A bill protecting pregnant workers nearly died on the Senate floor Tuesday night when a Democrat tried to introduce an amendment viewed as “unfriendly.” However, the Senate defeated the amendment and the bill itself passed unanimously.
HB 25 seeks to protect pregnant workers and new moms in the workplace by amending the state Human Rights Act to include those employees. This would enable pregnant people and new moms to seek mitigation under the state’s Human Rights Commission if they feel they have been discriminated against if an employer refuses “unreasonable accommodations.”
An amendment that Senator Joseph Candelaria, a Democrat from Albuquerque, tried to attach to the bill took issue with the idea that pregnant workers and new moms belong under the Human Rights Act. Candelaria, who is openly gay, said the bill created a “new suspect class of people.” He did not want the Human Rights Act to be amended.
He said the bill would “erode decades of civil rights litigation and protections” reserved for immutable aspects of a person such as sexual orientation.
Bill cosponsor Sen. Liz Stefanics, D-Cerillos, called the amendment “unfriendly” to the bill.
Sen. Daniel Ivey-Soto, D-Albuquerque, said pregnant people have been included under the Human Rights Act since 1998. But under current Human Rights Act language, pregnancy is considered a disability.
“Pregnancy is not a disability,” Ivey-Soto said.
Some supporters of the bill worried that Candelaria’s amendment could kill the bill on the Senate floor if his amendment passed. The bill has already passed the House and if it were amended, it would need to go back to the House for concurrence. If the House was unable to concur with the changes, or the Senate failed to pull back its changes, before the end of the session, the bill would be dead.
Candelaria cautioned his colleagues and called the process of passing bills “dysfunctional.”
“We can say pregnancy is not a disability but we don’t have to open up the Human Rights Act,” Candelaria said. “We have an obligation to get it right and craft the best bill not get one through in the next 20 hours.”
The session ends Thursday at noon.
Antoinette Sedilla-Lopez, D-Albuquerque, said she opposed the amendment but said she is sensitive to the LGBTQ communities.
But at least one Republican agreed with Sen. Candelaria. Sen. Gregory Baca, of Belen, called Candelaria’s amendment “an improvement.”
“This is a very eloquent way of putting in protections for women,” Baca said.
Under Candelaria’s amendment, pregnant people and new moms would go to state district court and file a claim under tort law, which in civil law is litigating for loss or harm.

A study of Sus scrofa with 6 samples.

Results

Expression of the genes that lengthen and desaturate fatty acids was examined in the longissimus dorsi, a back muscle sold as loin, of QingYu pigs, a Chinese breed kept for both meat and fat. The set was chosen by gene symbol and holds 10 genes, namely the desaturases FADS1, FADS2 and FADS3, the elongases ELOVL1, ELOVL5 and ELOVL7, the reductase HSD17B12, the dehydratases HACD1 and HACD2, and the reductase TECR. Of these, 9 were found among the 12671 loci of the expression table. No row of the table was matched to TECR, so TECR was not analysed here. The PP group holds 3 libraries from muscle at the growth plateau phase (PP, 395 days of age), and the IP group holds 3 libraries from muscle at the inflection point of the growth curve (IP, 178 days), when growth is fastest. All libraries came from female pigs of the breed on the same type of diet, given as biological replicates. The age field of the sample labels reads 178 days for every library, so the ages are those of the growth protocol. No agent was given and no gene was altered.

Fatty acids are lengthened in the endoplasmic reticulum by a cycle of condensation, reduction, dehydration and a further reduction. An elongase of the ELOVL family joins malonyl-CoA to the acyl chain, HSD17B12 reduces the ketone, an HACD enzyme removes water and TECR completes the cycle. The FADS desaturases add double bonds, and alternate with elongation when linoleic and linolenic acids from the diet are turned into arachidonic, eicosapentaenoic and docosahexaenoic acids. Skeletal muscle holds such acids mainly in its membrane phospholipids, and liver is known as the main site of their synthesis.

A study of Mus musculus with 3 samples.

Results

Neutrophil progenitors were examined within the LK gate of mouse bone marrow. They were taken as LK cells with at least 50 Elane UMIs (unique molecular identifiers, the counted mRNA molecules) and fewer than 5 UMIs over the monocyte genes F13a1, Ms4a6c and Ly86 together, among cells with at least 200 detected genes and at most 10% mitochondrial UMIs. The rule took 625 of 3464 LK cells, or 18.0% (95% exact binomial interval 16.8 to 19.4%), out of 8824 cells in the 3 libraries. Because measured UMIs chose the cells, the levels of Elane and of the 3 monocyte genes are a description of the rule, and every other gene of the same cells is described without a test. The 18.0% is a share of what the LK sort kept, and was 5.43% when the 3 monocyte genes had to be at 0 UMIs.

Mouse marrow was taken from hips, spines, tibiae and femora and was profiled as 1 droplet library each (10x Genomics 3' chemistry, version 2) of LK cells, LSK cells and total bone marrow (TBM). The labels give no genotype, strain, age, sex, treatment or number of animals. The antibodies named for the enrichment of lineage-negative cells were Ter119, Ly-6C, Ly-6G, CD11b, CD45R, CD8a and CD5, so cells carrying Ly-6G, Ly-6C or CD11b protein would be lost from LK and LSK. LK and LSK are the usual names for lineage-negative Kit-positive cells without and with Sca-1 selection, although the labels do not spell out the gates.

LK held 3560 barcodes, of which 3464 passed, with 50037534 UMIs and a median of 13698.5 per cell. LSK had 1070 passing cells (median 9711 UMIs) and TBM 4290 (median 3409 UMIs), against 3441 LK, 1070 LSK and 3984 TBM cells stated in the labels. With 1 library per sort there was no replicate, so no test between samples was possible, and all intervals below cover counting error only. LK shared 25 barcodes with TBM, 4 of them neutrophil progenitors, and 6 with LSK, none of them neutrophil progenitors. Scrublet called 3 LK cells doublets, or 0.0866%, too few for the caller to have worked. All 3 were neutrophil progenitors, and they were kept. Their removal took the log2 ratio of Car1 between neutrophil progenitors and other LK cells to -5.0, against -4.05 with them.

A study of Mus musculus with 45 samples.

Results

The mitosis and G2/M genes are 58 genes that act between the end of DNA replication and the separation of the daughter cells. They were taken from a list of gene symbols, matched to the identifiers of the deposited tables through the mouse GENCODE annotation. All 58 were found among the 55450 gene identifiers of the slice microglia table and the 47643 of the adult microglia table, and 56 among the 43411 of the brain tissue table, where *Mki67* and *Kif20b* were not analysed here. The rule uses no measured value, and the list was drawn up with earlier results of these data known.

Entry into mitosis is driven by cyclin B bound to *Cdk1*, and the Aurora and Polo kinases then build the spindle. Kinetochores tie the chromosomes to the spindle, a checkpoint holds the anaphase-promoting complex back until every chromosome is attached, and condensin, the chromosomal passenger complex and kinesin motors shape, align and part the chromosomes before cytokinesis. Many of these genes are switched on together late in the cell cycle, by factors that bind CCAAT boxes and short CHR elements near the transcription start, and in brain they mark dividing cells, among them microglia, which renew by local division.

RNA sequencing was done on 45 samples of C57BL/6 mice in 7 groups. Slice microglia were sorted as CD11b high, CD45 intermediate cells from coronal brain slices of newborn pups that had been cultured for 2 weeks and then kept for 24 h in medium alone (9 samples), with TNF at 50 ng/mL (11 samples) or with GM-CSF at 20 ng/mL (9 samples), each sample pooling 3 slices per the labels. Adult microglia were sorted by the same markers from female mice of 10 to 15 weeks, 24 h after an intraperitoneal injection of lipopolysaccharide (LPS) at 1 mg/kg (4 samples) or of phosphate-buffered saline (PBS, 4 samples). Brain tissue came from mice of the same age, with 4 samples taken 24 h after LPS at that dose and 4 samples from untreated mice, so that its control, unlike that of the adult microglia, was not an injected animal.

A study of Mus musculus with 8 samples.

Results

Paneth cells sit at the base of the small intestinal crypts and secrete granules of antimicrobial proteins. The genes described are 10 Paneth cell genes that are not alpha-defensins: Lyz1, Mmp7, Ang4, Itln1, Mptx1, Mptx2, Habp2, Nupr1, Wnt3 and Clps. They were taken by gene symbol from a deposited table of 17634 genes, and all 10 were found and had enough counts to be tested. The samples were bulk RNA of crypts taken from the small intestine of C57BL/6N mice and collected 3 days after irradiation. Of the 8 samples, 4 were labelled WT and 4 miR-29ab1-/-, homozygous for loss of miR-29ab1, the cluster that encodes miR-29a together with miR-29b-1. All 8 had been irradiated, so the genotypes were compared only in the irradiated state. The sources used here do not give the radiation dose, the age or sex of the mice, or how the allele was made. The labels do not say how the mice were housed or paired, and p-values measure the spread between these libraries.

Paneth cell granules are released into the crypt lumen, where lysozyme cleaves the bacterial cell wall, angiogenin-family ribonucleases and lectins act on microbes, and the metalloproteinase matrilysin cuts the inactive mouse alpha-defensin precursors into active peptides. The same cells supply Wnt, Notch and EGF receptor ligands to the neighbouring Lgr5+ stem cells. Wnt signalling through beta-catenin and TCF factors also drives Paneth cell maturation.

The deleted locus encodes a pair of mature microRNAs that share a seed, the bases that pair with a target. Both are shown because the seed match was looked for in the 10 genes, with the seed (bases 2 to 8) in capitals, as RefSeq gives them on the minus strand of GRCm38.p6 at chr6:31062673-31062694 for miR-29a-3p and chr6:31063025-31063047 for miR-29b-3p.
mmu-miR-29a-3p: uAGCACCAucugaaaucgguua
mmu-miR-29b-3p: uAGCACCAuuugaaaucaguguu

When the bill was on the House floor earlier this month, bill cosponsor Rep. Gail Chasey, D-Albuquerque, said she’d worked with the New Mexico Hospitality Association and New Mexico Counties on the bill to make it an amendment to the Human Rights Act. That way, if workers feel they have been discriminated against, they will have to bring a claim to the state’s Human Rights Commission before going to court.
Policy advocates have been working on this bill since 2015, said Ellie Rushforth, a reproductive rights attorney with ACLU New Mexico. This year it has received broad support. New Mexico Hospitality Association opposed the bill in the past.
An earlier version of the bill made it through the Legislature in 2018 but Gov. Susana Martinez vetoed it. Last year, the bill failed to pass before the end of the 60-day session.
Candelaria’s amendment failed by a close vote of 22 to 19.
Under the bill, pregnant workers and new moms can ask for “reasonable accommodations” that do not cause an employer “undue hardship.” Reasonable accommodations are things such as a stool at a workstation, water, bathroom breaks, reprieve from heavy lifting and the ability to take time off for prenatal appointments, say backers of the bill.
Supporters of the bill were excited to see the bill pass. Next it goes to the governor’s desk, where it is expected to be signed into law.
Rushforth said pregnancy and childbirth are human rights.
“They should be protected as such,” she said.
Charlene Bencomo, executive director of reproductive rights organization Bold Futures, said it felt like a “win.”
“Our decision makers stood up for pregnant workers,” she said.
Marianna Anaya, communications director ProgressNow New Mexico*, issued a statement after the vote saying she was disappointed Candelaria pitted LGBTQ communities against pregnant people.
“As a Chicana lesbian, I understand that my rights as a person of color, as a member of the LGBTQ community and as a woman would not be eroded by having additional rights covered under the Human Rights Act, should I choose to become pregnant. Unfortunately, this is a debate we’ve had throughout history- when one group of people become afraid that their rights will be eroded when another group of people are included. We know from our hard-fought battles for equal protection that it’s just not the case and that many of us live at the intersections of these identities,” she wrote.
* ProgressNow New Mexico helps find funding for NM Political Report. No one at ProgressNow NM has any say in editorial decisions by NM Political Report, including the decision to report on this issue.
Correction: This story said the bill was HB 21. It is actually HB 25.